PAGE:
Credit: MudGirls.ca

House building is physically and mentally challenging and often not associated with the fairer sex particularly in our Asian society.   But not to Jen Gobby and her all-girls group Mudgirls of Lasqueti island off the coast of east coast of Vancouver Island, Canada.

“It grew from a need inside me for a community of women, for new skills and to be independent, a space in which to become strong, able and together with other women,” she wrote on the Mudgirls blog.

“I wanted to build, I wanted to hunt, to chop fire wood. I want to feel strong and capable and free,” she said.

Jen Gobby admits even on Lasqueti a community the men still do all the hard works – built and took care of the electric systems and the fire wood, and women raised the kids and grew the food.

But for her it was too traditional gender ‘role-ish’. She wanted to believe that living close to the land like our ancestors does not mean women returning to the kitchen.

photo: MudGirls

Furthermore, she has proven that house building is not as difficult as it seems. Jen Gobby was not even a builder before moving to Lasqueti.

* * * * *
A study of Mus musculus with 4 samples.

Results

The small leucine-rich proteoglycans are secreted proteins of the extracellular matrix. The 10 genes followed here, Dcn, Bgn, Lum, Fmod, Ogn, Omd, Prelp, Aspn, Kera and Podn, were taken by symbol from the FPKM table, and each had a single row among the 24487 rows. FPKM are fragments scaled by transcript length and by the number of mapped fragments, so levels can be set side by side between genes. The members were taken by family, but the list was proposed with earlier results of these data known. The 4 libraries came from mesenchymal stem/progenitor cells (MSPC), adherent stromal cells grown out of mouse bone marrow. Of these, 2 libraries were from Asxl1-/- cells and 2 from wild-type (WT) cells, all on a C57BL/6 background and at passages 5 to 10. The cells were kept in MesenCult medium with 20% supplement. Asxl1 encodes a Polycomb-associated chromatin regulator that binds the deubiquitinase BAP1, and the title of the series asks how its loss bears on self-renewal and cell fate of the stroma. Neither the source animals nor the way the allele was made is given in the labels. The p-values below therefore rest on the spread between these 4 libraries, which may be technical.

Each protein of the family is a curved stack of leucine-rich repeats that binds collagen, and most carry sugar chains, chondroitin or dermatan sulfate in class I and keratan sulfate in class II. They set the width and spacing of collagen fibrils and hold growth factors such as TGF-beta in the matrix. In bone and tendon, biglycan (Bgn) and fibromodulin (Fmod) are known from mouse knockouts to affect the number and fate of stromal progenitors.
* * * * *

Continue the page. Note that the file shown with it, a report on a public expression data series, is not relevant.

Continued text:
Her only was experienced attending a 4 month natural building course for women in Winnipeg where they were thought how to build house made of natural materials – mix of mud, sand clay, stones, woods and straws.

Jen Gobby and the Mudgirls Natural Building Collective have been building homes and studios on the gulf islands and remote areas of Vancouver Island for the past three years.

They have been exploring the world of natural building and have been travelling all over western British Columbia to work on some very unique properties.

Some of the properties they have travelled to and to build on include farms, quirky restaurants, people living off the grid, retreat centres and b&bs.

Some of these clients have been building small cabins in order to rent out and gain income from their property.

“There is definitely room for natural building to find a place in the urban environment as well with eco- renovations being the newest techniques the mudgirls are exploring,” she said.

What Jen and the girls doing in Canada is something we in Sarawak should emulate. If these girls proof it can be done nothing suggest it would be otherwise here in Sarawak.

It’s time for us to truly re-look our commitment in helping the country moving toward a greener future.